This article was first published on The Journal of mHealth | Read now
The last few weeks have been filled with the news of at least three effective vaccines that could be available to combat Covid-19 by the end of 2020. Meaning that with Herculean mass vaccination programmes commencing in early 2021, we could have the world almost back to normal by the spring. But we still have the worst part of the winter to come and enormous healthcare backlogs and pent up demand waiting within our populations that will need dealing with for the rest of 2021.
Where we are now does not make comfortable reading or point to a benign winter. In the Nuffield Trust’s NHS Performance Summary September to October 2020, there are some portents of a bumpy winter season ahead.
In October 2020, total ED attendances were 1.6 m; a fall of 26% in comparison to the same period in 2019. But, there has been a rise in ambulance incidents (which is notably the reports of when patients have arrived at an ED department but have had to remain on the ambulance due to issues such as no bay availability and staffing in the ED). Moreover, despite the declining numbers of patients attending ED, the 4-hour wait time for patients is almost the same as this period in October 2019 and for the last five months 4-hour performance overall has been deteriorating. Worryingly, numbers of patients waiting greater than 12 hours on a trolley in ED is 75% higher than in the same period in October 2019.
For planned care the news is no better – despite a ramping up of services over the summer of 2020, 4.4 million patients are currently waiting to begin consultant led care, in comparison to April 2020 when the waiting list stood at 4.5 million patients. There are growing waits for all manner of diagnostic tests and procedures, and cancer waits continue to be challenged.
Performance on discharge is also showing signs of strain this Autumn – with increasing numbers of patients who are medically fit but still occupying hospital beds. This despite £280m funding being provided to accelerate ‘discharge to assess’ by paying for the first six-weeks of out-of-hospital care.
There are solid and obvious reasons for the current state of performance: the needs for the streaming of patients into covid and non-covid pathways both at admission and those needing on-going care at discharge. The operational impact of the current second wave of Covid on health services. Indeed, an interesting piece in the HSJ showed that once the number of Covid patients admitted to a hospital hits 15% of total admissions, the provision of planned services is impacted, compounding efforts to recover performance.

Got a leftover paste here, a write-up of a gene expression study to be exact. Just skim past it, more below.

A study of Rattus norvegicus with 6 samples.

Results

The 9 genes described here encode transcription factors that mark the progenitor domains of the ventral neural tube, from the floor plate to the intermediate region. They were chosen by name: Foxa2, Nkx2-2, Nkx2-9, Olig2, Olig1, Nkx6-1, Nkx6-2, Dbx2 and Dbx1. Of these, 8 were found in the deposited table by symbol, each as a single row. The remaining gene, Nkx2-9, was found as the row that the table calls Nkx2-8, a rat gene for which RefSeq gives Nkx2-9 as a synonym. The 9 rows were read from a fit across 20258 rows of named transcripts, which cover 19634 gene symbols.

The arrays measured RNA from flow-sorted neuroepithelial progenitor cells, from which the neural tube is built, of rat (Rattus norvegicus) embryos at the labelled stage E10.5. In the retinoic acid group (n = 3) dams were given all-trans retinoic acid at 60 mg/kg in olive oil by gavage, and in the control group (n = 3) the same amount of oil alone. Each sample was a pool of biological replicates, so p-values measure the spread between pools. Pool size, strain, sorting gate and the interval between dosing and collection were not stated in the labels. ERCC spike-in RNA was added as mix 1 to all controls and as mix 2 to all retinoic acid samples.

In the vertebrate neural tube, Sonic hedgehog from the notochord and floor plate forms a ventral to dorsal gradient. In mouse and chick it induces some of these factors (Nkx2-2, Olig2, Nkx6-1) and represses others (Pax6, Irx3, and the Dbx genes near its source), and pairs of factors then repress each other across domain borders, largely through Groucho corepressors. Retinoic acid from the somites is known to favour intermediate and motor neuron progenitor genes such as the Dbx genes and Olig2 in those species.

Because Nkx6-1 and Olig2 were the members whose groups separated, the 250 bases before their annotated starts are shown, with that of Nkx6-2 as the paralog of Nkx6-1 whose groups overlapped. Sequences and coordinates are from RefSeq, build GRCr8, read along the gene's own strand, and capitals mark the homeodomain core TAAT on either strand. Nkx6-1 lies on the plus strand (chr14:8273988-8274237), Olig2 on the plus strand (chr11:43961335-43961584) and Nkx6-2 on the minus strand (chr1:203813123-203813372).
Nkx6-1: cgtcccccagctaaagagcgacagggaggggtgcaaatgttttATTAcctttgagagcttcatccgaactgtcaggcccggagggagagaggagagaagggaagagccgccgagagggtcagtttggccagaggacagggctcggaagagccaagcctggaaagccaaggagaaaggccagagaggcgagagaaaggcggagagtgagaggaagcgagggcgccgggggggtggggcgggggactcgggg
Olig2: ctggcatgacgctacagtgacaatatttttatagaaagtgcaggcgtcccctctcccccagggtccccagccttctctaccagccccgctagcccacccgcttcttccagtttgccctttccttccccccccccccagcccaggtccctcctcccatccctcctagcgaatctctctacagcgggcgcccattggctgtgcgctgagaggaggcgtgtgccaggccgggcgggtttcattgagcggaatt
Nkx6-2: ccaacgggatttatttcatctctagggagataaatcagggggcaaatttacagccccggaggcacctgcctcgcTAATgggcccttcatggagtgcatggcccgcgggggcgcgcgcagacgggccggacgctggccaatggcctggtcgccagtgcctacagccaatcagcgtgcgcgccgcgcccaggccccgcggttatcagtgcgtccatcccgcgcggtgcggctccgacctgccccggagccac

But the NHS is resilient and has become skilled at managing services and capacity considering the operational impact of social distancing, planning and time lost due to infection control and prevention (donning, doffing and longer cleaning protocols). Plus, managing the massive impact of covid on the workforce, including staff testing and staff away due to having to self-isolate.
However, my reflection is all the challenges listed above are all the signs and symptoms of challenged patient flow.
In the early noughties, I was a joint head nurse of a regional Critical Care Network and as part of this spent a lot of time being tooled up by the then NHS Modernisation Agency (Proto NHS Improvement) to help change healthcare.
As part of my time working with the Network, I was exposed to all manner of ‘then’ cutting edge thinking on operational management, improvement tools and change techniques. From Understanding Capacity and Demand; the theory of constraints; system thinking and system management – it was here I discovered a new hero, W. Edwards Deming and his TQM approach and the shear madness of the ‘red-beads’ process.
As I look at the numbers and data coming out of NHS England on current performance, three things jump out from my time back in 2003: bottlenecks, ‘carve out’, and variation. In attacking Covid we have created whole new sets of bottlenecks, carve out and added new causes for variation.